Missing cash is 'tip of iceberg', says councillor

Missing cash is 'tip of iceberg', says councillor

A MIRFIELD councillor believes North Kirklees could be losing out on millions of pounds in funding owed by developers.

Coun Martyn Bolt spoke out after discovering that a struggling school in Mirfield is owed a share of almost £90,000 by a property firm.

He said the cash owed to Hopton Primary School and Mirfield Free Grammar (MFG) is “just the tip of the iceberg” and posed the question: “How much more money is Kirklees losing by failing to administer the 

planning process?”

The Conservative councillor was prompted to investigate whether Hopton Primary had received all it was owed from firms behind local housing developments after hearing how it had lost £171,000 in government funding in the past four years.

Headteacher Andy Blakeley had even considered closing the Woodend Road school on Friday afternoons in a bid to save money.

Coun Bolt discovered that Hopton Primary and MFG are currently owed more than £87,000 by developers of the nearby South Brook Gardens scheme at Back Station Road, Lea Croft Residential.

The company signed a legal agreement in November 2010 to pay £107,000 as part of a so-called Section 106 agreement.

The money from the deal is used to improve infrastructure and education facilities due to the extra pressure on local facilities created by the increased number of 


The agreement for the South Brook Gardens development detailed that 50 per cent of the £107,000 should be paid before the occupation of the first dwelling, with the remainder paid prior to the start of the 43rd dwelling. The development was finished in 2016.

So far the council has only received £19,575.50 from the developers – leaving £87,495 outstanding.

And Coun Bolt refused to accept that the reason the council didn’t get the money was because the firm was in financial difficulty.

He said: “When 50 per cent is payable before anybody moves into the houses, if the developer has any financial problems before he gets the first people in then it should have set alarm bells ringing with Kirklees.

“To let it go and to only collect the minor amount which doesn’t relate to anything –  this is a failure throughout Kirklees. “Ultimately in terms of governance at national or local level, the politicians who are supposed to be in charge of the service have to take responsibility.

“I think (council leader) Shabir Pandor should be putting this on the shoulders of whoever heads the regeneration and planning in Kirklees because clearly it’s not fit for purpose.”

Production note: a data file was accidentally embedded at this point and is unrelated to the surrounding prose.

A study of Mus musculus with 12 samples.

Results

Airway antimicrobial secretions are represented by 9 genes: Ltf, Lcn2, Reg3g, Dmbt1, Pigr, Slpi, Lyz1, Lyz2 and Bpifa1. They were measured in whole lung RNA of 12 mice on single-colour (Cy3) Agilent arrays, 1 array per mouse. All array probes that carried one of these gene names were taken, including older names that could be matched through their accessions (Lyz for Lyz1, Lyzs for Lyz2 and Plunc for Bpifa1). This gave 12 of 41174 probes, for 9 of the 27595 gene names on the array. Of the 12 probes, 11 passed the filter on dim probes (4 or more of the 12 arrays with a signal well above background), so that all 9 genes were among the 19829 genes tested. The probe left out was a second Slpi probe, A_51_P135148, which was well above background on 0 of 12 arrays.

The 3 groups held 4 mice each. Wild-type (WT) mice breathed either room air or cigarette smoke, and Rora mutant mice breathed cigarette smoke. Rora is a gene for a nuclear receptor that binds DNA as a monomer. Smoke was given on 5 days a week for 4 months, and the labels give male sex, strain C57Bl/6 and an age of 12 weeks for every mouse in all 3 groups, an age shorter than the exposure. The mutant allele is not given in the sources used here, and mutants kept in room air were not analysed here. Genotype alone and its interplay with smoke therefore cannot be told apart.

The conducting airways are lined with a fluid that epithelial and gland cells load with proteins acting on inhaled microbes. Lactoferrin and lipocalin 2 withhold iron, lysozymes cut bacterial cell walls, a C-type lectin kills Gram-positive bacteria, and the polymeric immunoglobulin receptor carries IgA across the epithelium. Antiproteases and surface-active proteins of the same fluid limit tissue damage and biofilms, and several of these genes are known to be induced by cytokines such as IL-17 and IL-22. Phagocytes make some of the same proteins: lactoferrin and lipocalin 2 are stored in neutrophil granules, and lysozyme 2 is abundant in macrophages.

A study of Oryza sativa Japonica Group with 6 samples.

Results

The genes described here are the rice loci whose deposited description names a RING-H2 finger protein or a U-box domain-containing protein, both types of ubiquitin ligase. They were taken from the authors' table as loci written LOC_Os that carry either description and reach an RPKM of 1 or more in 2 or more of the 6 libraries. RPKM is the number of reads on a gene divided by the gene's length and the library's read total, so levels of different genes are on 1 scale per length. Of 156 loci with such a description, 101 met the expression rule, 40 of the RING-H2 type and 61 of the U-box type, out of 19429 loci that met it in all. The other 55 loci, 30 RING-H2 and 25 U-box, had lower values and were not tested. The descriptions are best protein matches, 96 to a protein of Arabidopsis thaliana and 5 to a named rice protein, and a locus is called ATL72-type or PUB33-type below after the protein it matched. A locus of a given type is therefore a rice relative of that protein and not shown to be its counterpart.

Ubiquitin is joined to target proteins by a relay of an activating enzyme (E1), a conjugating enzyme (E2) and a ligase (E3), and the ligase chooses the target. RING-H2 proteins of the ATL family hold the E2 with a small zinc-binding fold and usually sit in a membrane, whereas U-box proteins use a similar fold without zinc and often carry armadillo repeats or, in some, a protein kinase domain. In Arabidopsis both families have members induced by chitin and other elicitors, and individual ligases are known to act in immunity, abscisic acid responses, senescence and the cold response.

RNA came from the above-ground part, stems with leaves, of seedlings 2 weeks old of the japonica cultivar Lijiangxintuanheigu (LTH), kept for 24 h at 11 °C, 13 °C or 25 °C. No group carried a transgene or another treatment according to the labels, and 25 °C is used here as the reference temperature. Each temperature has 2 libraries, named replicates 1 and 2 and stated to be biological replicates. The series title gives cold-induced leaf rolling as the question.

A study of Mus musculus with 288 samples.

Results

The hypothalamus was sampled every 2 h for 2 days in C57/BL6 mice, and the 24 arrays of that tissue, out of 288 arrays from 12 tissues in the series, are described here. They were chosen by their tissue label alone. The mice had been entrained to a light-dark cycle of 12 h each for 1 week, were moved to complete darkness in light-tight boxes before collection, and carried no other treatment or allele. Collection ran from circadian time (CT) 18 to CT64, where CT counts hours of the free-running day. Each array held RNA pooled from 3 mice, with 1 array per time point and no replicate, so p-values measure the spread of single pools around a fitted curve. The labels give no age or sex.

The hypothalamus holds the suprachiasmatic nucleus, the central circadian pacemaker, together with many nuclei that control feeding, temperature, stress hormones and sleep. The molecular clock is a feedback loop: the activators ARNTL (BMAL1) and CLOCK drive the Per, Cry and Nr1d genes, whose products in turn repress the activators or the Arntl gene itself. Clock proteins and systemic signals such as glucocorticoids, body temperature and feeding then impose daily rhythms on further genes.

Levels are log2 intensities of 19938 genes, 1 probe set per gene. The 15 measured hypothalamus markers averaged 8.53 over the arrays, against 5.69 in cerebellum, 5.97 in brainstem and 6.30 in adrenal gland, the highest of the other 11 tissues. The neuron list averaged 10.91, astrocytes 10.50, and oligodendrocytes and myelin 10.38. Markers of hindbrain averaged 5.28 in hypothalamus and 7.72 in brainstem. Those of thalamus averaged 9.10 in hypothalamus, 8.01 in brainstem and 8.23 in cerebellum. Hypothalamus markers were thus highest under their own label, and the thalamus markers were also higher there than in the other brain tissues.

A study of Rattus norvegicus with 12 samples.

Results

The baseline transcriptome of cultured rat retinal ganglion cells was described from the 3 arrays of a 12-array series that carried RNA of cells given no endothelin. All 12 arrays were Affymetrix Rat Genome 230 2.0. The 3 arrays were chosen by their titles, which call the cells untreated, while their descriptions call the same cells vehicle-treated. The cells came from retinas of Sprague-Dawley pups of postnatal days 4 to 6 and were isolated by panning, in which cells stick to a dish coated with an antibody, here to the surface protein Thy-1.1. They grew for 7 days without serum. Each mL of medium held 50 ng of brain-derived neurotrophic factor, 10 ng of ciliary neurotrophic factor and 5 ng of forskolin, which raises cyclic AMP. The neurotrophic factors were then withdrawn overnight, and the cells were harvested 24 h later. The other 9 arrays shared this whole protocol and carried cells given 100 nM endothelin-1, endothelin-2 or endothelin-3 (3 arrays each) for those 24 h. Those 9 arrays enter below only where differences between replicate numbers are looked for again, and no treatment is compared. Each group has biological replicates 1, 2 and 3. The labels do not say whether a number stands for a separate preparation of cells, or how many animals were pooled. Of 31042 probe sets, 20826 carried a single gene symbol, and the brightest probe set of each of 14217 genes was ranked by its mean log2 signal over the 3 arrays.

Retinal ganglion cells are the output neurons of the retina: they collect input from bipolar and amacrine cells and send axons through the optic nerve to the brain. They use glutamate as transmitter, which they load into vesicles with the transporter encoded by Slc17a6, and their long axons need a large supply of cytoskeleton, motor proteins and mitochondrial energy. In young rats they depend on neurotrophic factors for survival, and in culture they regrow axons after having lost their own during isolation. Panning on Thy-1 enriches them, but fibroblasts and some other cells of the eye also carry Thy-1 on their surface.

Coun Bolt cited another historic development in Mirfield where it was legally agreed that £30,000 would be payable in a Section 106 deal – but to a school in Dewsbury.

He added: “I would go as strong as to say Kirklees are failing both in their financial duties and failing the people in Kirklees.

“Under whatever system you want, somewhere Kirklees is failing to make sure that money is being collected.

“I would urge other councillors and community people to be asking what the situation is in their area.

“There could be millions of pounds lost. This is just one aspect, the educational contribution in Mirfield, so if we were to ask what else there is in terms of unclaimed money for parks, roads and everything else we might find that Kirklees is losing millions of pounds.”

Kirklees Council says it is planning legal action to try and recover the money.

A spokesman for the council said: “We’re aware of the developer’s failure to fully pay the education contribution requirements as part of the planning permission at the former South Brook Mill, Mirfield, and this is extremely disappointing.

“We monitor such agreements closely and during the construction of the residential development in 2016 immediately issued a demand for the full amount to be paid.

“We have since negotiated with the developers to clear the debt, which has included paying through a number of instalments. However, due to the developer’s financial position, at this stage the debt has not been fully settled.

“We are now taking legal action to recover the debt.”